What you should be asking your prospective employer in a job interview

Here's how to use your job interview as a platform to find out more about your new potential position and employer

Job interviews are generally perceived as a one-way street opportunity for employers to get a better sense of a candidate and whether that person would be the right fit for the organisation.

But, says Manpower Group SA MD Lyndy van den Barselaar, job interviews also provide the perfect chance for job seekers to get in a few pertinent questions that will help them assess whether the company they’re interviewing for is the best place for them to be working.

“While you will be preparing to answer questions about your skills, experience and future vision, you should also be thinking about some questions to ask your interviewer. These may be based around the role you will be taking on, the structure of the team, the organisation itself or ways of working,” she says.


These are the four interview questions van den Barselaar suggests all job seekers ask in an interview that will help you gain deeper insight into the position you are interviewing for and the expectations of your performance.  
 
 1) What is one accomplishment you would like to see from me in the first 90 days?
 
The purpose of this question is to ascertain exactly what the company expects to see from their employees from a performance perspective.


“The questions you ask can say a lot about you, and asking this kind of question displays an interest in the role and how success will be measured,” Van den Barselaar advises.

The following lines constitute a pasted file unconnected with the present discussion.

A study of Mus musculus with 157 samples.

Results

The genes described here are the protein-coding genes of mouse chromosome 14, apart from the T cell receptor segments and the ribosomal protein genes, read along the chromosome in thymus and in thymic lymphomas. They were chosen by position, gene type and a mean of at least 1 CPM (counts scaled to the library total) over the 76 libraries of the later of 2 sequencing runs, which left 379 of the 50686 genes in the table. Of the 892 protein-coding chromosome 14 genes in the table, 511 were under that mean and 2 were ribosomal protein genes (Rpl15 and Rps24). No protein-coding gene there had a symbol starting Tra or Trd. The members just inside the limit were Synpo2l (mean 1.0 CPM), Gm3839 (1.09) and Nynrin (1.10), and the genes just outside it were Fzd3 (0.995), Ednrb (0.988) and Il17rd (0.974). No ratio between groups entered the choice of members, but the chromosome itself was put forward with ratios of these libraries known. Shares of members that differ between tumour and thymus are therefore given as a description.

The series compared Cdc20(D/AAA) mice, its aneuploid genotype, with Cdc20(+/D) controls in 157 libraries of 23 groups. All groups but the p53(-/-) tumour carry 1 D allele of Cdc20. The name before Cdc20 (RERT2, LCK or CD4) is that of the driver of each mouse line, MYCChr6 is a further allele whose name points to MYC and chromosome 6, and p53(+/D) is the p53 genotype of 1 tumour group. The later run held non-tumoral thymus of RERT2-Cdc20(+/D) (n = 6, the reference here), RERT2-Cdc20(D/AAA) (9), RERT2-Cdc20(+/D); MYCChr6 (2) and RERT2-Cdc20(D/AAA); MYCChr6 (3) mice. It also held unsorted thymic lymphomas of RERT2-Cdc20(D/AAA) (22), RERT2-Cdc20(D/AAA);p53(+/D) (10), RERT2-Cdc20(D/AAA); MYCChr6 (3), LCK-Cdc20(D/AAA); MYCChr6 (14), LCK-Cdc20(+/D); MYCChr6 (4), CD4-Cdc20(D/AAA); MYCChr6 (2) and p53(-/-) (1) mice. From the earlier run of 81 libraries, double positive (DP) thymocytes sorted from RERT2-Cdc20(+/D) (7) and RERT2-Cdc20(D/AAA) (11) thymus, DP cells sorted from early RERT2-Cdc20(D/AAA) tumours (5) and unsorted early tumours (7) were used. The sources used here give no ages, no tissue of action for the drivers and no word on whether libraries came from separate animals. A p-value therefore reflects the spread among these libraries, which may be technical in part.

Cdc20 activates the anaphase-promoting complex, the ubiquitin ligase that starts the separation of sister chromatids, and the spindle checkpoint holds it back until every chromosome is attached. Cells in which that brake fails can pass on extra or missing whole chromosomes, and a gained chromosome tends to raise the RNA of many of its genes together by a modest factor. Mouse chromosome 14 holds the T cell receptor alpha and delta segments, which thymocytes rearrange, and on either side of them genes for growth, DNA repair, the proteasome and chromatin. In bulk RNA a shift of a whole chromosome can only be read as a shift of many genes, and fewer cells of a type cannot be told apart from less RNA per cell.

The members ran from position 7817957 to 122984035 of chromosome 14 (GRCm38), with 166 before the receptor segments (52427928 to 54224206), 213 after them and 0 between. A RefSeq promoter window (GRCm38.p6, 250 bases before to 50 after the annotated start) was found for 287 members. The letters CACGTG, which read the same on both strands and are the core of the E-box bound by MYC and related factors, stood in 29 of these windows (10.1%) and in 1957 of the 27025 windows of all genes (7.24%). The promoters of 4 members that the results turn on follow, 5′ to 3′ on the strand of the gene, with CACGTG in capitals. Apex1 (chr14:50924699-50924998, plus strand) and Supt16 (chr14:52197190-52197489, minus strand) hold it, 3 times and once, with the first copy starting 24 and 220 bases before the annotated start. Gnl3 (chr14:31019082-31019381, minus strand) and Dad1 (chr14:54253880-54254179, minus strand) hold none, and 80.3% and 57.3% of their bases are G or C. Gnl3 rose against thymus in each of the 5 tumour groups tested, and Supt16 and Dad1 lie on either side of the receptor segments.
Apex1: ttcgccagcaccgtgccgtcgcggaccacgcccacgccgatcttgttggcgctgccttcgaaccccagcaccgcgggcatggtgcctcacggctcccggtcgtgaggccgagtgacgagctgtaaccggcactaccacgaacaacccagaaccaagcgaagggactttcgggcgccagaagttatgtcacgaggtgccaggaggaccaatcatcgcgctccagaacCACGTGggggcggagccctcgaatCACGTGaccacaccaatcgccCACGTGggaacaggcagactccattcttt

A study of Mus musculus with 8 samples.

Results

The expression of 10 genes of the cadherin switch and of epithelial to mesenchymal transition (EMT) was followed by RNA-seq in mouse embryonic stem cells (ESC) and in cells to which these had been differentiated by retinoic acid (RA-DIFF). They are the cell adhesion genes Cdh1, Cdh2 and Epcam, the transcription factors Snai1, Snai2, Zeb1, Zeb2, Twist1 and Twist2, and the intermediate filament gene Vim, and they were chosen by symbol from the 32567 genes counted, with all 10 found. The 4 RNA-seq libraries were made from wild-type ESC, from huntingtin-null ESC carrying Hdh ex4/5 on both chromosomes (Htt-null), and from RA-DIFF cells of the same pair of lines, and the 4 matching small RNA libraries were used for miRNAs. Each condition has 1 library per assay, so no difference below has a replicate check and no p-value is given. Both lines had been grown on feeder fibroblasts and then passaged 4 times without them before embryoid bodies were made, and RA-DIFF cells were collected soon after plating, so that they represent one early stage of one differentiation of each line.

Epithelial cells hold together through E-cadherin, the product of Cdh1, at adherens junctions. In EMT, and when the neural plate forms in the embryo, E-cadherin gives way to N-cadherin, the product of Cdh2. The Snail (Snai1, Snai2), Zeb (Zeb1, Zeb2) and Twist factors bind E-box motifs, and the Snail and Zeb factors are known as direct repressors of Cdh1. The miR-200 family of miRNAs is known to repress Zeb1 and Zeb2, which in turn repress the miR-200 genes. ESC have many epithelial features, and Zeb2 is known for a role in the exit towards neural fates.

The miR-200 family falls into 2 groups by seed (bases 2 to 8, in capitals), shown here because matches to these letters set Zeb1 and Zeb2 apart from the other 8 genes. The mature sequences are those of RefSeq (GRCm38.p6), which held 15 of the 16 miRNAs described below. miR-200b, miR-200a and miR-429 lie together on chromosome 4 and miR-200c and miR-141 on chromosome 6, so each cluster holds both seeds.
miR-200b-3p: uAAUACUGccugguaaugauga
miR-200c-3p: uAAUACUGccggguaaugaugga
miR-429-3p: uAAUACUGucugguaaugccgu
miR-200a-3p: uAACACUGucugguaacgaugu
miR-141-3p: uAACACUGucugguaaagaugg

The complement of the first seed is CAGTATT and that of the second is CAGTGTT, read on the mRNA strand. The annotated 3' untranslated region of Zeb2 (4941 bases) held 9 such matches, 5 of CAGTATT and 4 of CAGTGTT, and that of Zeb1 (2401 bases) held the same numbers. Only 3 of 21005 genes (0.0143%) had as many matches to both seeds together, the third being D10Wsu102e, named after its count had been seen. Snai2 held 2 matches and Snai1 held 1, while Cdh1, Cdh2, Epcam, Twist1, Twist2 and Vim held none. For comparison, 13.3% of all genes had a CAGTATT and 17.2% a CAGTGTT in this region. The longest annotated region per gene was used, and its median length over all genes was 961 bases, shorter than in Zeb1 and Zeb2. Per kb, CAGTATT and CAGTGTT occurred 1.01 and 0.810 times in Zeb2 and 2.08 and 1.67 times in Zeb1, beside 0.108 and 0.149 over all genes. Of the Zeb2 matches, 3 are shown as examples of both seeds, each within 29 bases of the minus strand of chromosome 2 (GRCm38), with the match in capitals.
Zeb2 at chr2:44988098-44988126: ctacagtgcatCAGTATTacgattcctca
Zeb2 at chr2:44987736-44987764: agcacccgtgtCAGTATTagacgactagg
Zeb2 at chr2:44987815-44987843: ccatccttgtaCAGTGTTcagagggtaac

2) When you hire someone for this position, what will be the most pressing challenge they will face on the first day?

This question allows you to delve into the nitty-gritty of the pressures you’re likely to face in your first week on the new job.

“Make sure your interviewer understands that you really care about the details of the job and not just the onboarding process. Understanding the role as well as possible is important in making decisions around whether it is right for you,” she says. 

3) What are your expectations for this position six months from now? And in two years?

 “The answer to this question will help you to gauge the longevity of the position, the growth opportunities around the position and the importance of this position within the broader organisation,” Van den Barselaar says.


4) What kind of career coaching do you provide for employees? 

The best way to approaching this question is presenting it in terms of how training you would ultimately play to company’s benefit.

“Start a career conversation with your potential employer in the job interview by letting them know that you understand your success translates into their success,” advises Van den Barselaar.

“Not only will this demonstrate your knowledge around the evolving business landscape and the dwindling lifespan of skills, but will also position you as a candidate focused on the success of the organisation as well as your own. What’s more, you’ll be able to gauge the opportunities for further skills development, should you take on the role.”